22 July, 2014 - by Conor Murphy


Sinn Féin MP Conor Murphy continued his visit to Colombia today today by meeting with victims of state violence to hear their stories at first hand. 

The Newry and Armagh MP said; 

"The delegation to Colombia had a chance today to hear the harrowing stories of some of the victims of Colombian state violence when we visited the 'Mothers of Soacha' group. 

"The delegation to Colombia had a chance today to hear the harrowing stories of some of the victims of Colombian state violence when we visited the 'Mothers of Soacha' group. 

"In 2005 the Colombian military leader, General Montoya issued a secret order to his forces offering financial and other bonuses for the killing of guerrillas which led to a huge upsurge in extrajudicial executions. Protests from human rights groups that the military were killing non combatants and dressing their bodies in FARC uniforms were dismissed as propaganda by the government despite the fact that the groups had identified almost 1000 cases.

"In 2008 the army established a bogus employment scheme in the poor neighbourhood of Soacha, on the southern outskirts of Bogota, to tempt young men to leave the area.  23 young men vanished from Soacha as part of this scheme and their bodies were subsequently found hundreds of miles away, killed in guerrilla fighting according to the army.

"One mother told us how she and her other son refused to accept this account of their sons death and began to publicly challenge the army, leading to death threats to the family. Her surviving son was kidnapped by two policemen and thrown off a bridge, surviving with serious injuries, only to be subsequently executed by  gunmen.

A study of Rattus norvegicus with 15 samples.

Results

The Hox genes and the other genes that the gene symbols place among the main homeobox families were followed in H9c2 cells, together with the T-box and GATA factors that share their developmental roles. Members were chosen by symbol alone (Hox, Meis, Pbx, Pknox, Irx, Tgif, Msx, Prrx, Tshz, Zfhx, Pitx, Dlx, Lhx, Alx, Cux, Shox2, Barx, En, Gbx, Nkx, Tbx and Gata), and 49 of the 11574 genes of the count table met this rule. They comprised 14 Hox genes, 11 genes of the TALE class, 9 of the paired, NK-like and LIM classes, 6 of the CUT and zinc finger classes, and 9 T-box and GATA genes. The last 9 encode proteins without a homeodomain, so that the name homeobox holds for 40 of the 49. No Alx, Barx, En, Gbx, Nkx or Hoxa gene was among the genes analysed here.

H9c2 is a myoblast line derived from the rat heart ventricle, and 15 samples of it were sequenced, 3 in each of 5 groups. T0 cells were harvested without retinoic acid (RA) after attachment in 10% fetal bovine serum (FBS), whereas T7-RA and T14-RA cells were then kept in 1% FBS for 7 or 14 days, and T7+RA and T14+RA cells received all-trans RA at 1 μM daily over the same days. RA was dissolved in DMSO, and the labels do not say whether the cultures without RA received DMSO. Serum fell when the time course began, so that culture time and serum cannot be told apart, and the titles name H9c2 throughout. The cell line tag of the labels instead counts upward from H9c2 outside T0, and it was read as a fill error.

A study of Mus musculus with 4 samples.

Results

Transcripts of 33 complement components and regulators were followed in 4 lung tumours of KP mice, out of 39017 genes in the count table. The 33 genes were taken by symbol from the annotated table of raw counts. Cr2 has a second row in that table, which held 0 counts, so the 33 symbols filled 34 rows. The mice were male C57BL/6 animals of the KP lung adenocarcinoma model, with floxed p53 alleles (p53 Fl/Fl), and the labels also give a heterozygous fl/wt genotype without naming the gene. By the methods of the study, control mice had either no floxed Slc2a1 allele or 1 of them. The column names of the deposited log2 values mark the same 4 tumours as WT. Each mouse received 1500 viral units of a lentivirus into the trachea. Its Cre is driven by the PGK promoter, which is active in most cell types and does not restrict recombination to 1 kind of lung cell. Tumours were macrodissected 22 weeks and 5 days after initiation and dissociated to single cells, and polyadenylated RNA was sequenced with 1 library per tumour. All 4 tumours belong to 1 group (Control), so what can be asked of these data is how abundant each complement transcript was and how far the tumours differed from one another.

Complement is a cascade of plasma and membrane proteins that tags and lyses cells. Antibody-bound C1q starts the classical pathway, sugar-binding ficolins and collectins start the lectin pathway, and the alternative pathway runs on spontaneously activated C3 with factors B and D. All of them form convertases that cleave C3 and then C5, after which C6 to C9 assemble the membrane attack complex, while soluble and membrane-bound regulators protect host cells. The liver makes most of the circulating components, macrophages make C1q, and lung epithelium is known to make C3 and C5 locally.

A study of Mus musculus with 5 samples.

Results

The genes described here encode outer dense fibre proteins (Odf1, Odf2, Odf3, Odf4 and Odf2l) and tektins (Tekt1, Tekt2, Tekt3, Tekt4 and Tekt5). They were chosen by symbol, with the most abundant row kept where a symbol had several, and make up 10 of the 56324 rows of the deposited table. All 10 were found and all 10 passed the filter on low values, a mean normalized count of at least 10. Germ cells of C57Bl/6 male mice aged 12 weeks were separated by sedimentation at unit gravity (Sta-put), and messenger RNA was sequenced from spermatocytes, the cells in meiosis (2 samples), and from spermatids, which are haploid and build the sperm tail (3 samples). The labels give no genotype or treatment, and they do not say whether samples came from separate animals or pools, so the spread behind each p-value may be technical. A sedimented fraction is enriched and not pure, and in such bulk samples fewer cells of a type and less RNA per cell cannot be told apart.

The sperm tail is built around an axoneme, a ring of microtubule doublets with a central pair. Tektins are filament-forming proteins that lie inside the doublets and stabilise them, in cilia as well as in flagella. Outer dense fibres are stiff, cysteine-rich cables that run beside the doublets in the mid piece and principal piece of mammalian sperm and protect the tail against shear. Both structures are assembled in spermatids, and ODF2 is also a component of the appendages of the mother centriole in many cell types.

"Despite the ongoing death threats the mothers banded together and took on the state prompting a UN investigation into what has now become known as the scandal of the 'False Positives'. 

"The UN High Commissioner for Human Rights accused the Colombian army of "systematic and widespread" extrajudicial killings and a "crime against humanity". 

The UN Rapporteur went further stating the military was guilty of  "cold-blooded, premeditated murder of innocent civilians for profit".

"The Colombian government promised action and General Montoya stepped down from his post (to be made Ambassador to the Dominican Republic) followed by 27 other senior army personnel, however none have been convicted and a Human Rights report notes that there is "little chance that justice will be obtained".

"As our delegation squashed into the tiny barrio home of Maria, one of the mothers, to hear her testimony and that of her friends, we were struck by their determination to achieve justice despite their obvious ongoing devastation at the murder of their sons. 

"These women have begun to organise and educate themselves and are not daunted by taking on the might of the Colombian military and state. 

"They want the world to know their story and we promised to tell it for them.